Gang Violence Increasingly Spreading to Women’s Prisons in Honduras


On June 11, an alleged Barrio 18 gang member was strangled by her cellmates within the National Women’s Penitentiary for Social Adaptation (Penitenciaría Nacional Femenil de Adaptación Social — PNFAS) near the Honduran capital of Tegucigalpa, La Tribuna reported

The violent incident came just weeks after a group of alleged Barrio 18 members set fire to the prison and stabbed and killed six suspected rival gang members in the MS13.

Four of the victims had been at the prison for three days after being captured by Honduras’ National Anti-Gang Force (Fuerza Nacional Anti Maras y Pandillas — FNAMP) in Tegucigalpa, where they had extorted local shopkeepers, according to La Prensa. The murders reportedly occurred with the prison director’s knowledge, according to statements from various inmates in a video that made the rounds in the media days later.

SEE ALSO: Honduras News and Profiles

“The prison director didn’t do a thing. She saw when the gang members murdered these women, but why didn’t she speak up?” said one of the presumed inmates, according to Tiempo. Another attempted uprising in the prison occurred that same day the video circulated, but nobody was killed, Proceso reported. The female prison’s inmate population is nearly double its capacity, according to local media reports.

Gang violence, just like bribing prison authorities and other forms of control, are common in Honduras’ male prisons where they have provoked various bloody battles between the MS13 and Barrio 18.

However, until now, it was unusual to see this type of violence in female prisons, including in El Salvador and Guatemala, where there’s also a sizable presence of jailed female gang members and collaborators.

InSight Crime Analysis

If women associated with gangs in Central America’s Northern Triangle haven’t shown the same level of violence and control within prisons as their male counterparts, the brutal killings in Tegucigalpa show this could be changing.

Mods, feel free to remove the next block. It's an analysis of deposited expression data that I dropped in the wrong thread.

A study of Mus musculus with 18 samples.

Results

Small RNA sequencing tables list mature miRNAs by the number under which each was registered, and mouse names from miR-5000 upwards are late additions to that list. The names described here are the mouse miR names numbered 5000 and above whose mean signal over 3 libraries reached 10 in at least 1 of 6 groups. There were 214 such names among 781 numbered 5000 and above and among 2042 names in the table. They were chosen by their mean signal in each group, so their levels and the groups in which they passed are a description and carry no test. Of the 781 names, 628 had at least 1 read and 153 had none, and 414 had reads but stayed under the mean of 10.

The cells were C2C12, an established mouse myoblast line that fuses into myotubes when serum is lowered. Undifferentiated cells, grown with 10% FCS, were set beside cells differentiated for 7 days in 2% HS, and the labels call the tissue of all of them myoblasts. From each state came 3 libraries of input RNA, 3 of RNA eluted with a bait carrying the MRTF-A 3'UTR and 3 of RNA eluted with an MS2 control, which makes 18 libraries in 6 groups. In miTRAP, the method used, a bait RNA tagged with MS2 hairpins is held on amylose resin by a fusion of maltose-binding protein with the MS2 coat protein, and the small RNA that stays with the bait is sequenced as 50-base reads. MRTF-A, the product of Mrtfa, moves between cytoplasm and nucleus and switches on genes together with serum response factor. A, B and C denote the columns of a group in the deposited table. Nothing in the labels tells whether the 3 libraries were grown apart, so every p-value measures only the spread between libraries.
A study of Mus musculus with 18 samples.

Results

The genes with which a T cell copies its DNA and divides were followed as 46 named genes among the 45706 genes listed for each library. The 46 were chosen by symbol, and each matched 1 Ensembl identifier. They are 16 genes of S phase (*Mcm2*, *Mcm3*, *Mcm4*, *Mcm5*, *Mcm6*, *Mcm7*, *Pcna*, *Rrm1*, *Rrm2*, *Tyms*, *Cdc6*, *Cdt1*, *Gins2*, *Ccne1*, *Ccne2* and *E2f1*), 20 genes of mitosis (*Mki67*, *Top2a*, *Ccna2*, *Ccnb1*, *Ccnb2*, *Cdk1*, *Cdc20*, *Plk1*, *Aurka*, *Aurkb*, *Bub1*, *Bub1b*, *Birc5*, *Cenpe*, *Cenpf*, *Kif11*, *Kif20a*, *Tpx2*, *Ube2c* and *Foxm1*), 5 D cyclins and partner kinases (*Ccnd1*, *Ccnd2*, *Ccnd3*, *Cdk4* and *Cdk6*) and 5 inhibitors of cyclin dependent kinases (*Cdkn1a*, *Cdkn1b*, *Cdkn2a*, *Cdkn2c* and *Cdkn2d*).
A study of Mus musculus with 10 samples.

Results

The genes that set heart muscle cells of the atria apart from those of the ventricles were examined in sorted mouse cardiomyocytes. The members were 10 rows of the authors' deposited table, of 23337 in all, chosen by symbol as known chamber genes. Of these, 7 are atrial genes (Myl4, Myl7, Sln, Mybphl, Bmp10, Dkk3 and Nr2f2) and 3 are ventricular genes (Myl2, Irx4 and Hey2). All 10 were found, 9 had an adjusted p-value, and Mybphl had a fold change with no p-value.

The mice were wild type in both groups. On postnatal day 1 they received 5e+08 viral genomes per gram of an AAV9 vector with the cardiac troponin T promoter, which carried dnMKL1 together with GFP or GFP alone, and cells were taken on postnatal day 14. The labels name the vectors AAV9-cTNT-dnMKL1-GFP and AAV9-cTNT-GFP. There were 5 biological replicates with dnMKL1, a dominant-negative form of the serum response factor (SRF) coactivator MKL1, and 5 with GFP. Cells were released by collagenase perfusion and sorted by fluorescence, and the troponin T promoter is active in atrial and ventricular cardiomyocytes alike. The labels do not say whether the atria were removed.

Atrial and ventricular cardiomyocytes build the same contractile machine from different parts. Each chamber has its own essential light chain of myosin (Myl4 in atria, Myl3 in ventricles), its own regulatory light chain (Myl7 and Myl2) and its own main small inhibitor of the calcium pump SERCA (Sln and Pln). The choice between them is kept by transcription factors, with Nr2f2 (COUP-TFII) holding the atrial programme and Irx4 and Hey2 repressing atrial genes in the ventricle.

Orlín Castro, a Honduran journalist who specializes in gangs, told InSight Crime that the Barrio 18 has more control than any other group in the National Women’s Penitentiary for Social Adaptation.

Castro added that fights between Barrio 18 and MS13 gang members are common, as well as uprisings, but that this was the first recorded case of multiple homicides in a women’s prison. Digna Aguilar, the spokeswoman for Honduras’ National Prison Institute (Instituto Nacional Penitenciario de Honduras — INP), confirmed this.

“It’s the first time. … The majority of them [female prisoners] are passive, focused on their studies and coursework,” Aguilar told InSight Crime in a text message.

In a recent in-depth investigation about gender and organized crime, InSight Crime found that the roles women play in criminal groups and the levels of violence they employ vary greatly but are often overlooked.

SEE ALSO: Women and Organized Crime in Latin America: Beyond Victims and Victimizers

This applies directly to female gang members in the Northern Triangle. In Honduras, for example, the number of female gang members that have faced a “brincada” — gang slang for an initiation beating — in the MS13 has decreased since 2003, according to investigator Carlos García, who specializes in gangs.

This isn’t the same case in El Salvador. There are generally more female gang members in both the MS13 and Barrio 18, which makes their role within prisons more protagonistic, according to García.

In Guatemala, the majority of female inmates associated with gangs are simply collaborators, and not fully initiated gang members. Ashley Williams, the director of a human rights non-governmental organization, told InSight Crime that violent disputes between women associated with gangs are rare.

“They don’t involve themselves in as many problems because [many] want to return to their children as soon as possible,” she told InSight Crime in a text message.